Adults might sometimes need fairy tales, too. Acclaimed director Guy Ritchie's latest, a new genre for him, is a Disney production, a remake of the world-renowned "Aladdin" tale. To be honest, I would not be excited to see "Aladdin" if it were not Ritchie. Fans loyal to the widely known 1992 version will not be disappointed as the plot features slight changes, flowing in parallel to the original. Still, there are a few points worth pondering.
As an easily predictable strategy, Disney has invested in high-tech movie versions of fairy tales like "Beauty and the Beast," and has harvested considerable profit out of such productions. It is not risky as they focus on universal stories already known and loved by filmgoers, and there is not much risk of spectators leaving the cinema hall in the middle of the film. There are colorful images, 3-D graphics, well-known characters and a sound flow of action natural to fairy tales. In technical terms, Guy Ritchie seems to have passed a new test, but the script is not without its deficiencies and confusing moments.
The story is classic; the street rat Aladdin's path crosses with the beautiful Princess Jasmin in a bazaar, and they share a mutual attraction. However, the princess can only marry a prince - a dream that will later come true with the help of the genie, while they have to struggle against the villainous vizier Jafar, whose only aim is to replace the king.
Sadly, not only social realistic films, but also fairy tales fall victim to a faulty, neglectful and indifferent perspectives related to the East. Eastern cultures are usually portrayed as if they all dance, react and think in the same way. From a Western point of view, especially if religion is in common, the lines of culture-specific traits blur in an uncontrolled way. I am not a literary expert and am aware that the original story does not specify strict borders on a real map, but it has been hinted to be set an Arabic city in literature and productions. In fact, the scriptwriter, for instance, could have chosen to make it an Indian city in the remake. However, what opens like a typical Arabic city in architecture, decoration and cultural traits is later blurred with Indian stereotypes. Especially the ladies' costumes that resemble those of Indian women in color, cut and make-up. What cuts a swathe is the group dance scenes featuring a group of men and women dancing in harmony with well-organized choreography; aesthetic and admirable, but totally Indian. A third contradiction comes in the wedding scene led by an Islamic scholar but completely conducted in a Christian way. Such confusion might be usual for Aladdin narratives up to now, but I would expect a keen eye like Ritchie's to eliminate them and narrow down on a cleaner path.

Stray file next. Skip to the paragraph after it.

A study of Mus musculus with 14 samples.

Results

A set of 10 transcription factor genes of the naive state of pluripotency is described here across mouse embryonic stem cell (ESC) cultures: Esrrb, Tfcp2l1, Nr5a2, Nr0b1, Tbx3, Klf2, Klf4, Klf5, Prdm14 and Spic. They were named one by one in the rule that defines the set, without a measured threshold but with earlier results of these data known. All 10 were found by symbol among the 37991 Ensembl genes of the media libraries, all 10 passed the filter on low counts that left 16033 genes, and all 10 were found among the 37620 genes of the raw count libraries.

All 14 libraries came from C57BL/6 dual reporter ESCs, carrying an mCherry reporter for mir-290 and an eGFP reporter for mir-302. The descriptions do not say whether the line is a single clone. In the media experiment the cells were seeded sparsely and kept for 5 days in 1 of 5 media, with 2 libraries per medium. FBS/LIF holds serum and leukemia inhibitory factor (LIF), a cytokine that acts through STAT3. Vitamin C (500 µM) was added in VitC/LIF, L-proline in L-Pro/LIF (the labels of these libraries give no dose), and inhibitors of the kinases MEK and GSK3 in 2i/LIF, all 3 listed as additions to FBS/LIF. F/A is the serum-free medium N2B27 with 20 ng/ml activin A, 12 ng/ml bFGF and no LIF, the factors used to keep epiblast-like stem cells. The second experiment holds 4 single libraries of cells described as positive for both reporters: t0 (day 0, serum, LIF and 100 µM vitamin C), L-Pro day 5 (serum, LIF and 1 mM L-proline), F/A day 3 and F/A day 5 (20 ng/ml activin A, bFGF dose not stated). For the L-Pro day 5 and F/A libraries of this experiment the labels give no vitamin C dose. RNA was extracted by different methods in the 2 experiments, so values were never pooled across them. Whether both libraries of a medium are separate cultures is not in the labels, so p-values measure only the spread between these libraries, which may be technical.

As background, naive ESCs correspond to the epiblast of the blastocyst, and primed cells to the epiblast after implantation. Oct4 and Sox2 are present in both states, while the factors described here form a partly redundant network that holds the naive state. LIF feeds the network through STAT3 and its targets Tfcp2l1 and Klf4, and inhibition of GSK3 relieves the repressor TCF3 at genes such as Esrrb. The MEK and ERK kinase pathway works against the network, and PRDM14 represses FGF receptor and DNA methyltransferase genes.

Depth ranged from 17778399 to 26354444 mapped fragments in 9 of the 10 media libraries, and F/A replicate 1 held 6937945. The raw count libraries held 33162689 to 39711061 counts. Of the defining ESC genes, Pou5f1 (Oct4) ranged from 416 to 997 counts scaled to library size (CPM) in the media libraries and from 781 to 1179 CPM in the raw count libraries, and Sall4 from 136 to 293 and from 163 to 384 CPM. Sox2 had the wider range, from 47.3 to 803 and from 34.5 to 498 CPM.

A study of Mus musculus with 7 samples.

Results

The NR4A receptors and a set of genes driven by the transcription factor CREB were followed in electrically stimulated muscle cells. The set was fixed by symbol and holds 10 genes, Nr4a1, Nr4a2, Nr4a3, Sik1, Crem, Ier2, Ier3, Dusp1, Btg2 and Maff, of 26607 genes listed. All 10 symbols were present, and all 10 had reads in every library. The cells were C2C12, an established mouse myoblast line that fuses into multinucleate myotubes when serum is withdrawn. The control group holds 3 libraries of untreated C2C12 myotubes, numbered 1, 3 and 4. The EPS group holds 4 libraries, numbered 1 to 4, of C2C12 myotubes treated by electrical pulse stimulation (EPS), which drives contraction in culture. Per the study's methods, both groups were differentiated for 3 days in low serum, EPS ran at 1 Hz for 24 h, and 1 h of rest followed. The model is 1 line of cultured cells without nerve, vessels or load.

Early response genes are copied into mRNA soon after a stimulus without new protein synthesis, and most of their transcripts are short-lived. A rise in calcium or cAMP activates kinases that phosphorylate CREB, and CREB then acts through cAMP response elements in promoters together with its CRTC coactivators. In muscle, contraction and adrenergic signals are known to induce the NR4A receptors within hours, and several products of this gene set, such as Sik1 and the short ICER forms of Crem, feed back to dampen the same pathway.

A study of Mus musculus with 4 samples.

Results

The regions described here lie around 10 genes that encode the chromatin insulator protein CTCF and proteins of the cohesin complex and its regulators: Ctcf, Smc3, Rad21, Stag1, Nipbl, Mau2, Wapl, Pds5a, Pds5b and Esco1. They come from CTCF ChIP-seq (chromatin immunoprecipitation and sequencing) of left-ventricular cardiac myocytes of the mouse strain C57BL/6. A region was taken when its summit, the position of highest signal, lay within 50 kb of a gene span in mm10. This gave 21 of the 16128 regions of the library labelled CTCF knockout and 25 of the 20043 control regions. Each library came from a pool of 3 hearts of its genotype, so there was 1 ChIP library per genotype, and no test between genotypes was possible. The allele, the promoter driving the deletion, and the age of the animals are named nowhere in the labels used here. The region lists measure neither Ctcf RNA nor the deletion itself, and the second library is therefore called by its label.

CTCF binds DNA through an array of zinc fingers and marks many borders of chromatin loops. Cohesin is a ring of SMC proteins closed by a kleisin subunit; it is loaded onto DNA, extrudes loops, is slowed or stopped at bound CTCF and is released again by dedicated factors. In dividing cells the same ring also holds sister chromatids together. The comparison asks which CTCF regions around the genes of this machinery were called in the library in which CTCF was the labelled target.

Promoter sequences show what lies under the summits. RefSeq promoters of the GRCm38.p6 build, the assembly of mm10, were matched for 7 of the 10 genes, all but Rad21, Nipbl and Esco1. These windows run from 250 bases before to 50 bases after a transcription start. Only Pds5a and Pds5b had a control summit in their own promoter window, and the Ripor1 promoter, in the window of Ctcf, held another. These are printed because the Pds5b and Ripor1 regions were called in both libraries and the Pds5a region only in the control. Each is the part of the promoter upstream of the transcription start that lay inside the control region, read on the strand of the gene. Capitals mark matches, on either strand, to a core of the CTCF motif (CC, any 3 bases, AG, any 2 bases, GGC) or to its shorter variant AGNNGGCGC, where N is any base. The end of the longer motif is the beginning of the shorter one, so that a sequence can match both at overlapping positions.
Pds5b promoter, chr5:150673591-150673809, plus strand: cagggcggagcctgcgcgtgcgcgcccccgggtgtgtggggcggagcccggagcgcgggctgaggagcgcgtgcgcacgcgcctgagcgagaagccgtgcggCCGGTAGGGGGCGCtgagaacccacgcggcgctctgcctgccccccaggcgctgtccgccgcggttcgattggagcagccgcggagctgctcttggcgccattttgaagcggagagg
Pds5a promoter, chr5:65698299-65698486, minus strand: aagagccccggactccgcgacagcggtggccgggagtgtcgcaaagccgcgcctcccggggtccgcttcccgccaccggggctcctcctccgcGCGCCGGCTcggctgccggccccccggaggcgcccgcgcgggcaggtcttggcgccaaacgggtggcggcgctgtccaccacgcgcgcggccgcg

Another orientalist stereotype appears among the commoners talking in the streets and at the bazaar. They speak English with a clumsy accent though all the characters speak English fluently. While Aladdin, Jasmin and the genie sound like native speakers, ordinary citizens speaking with horrible accents is a cheesy trick that has nothing to do with the usual quality of Ritchie's films.
After this disappointment, Ritchie conquers hearts through empowering the princess with a rebellion against her father's vizier, who gets his hands on the magical lamp and takes over the ruling power by deceit. She stands up against a thousand-year-old tradition that silences women, even women of royal blood, and diminishes them to nothing but domestic, incapable and secondary entities. Though I am not a fan of musicals, the director inspires goose bumps with the piece "Speechless," performed amazingly by the princess, who rises up against the male-dominated system. Ritchie points to a feminist undertone with this intentional touch. The princess is such a strong, smart and assertive character that she overshadows the genie and everyone else.
The casting is appropriate for a Middle Eastern story, consisting of Mena Massoud as Aladdin, Naomi Scott as Jasmin, Marwan Kenzari as Jafar, breaking the ridiculous custom of casting pale white actors in Eastern stories. Will Smith, with all his sincere and energetic style, brings a new breath to the genie. We have seen him in more demanding roles pushing his boundaries before, undoubtedly, but he does what the role requires, in my opinion. It was pleasant to watch his smiling face and charming attitude throughout the film.
Before finishing, just keep in mind that there is a new violent scene toward the end. The vizier tortures the king in a dark and merciless manner, which could potentially frighten young viewers.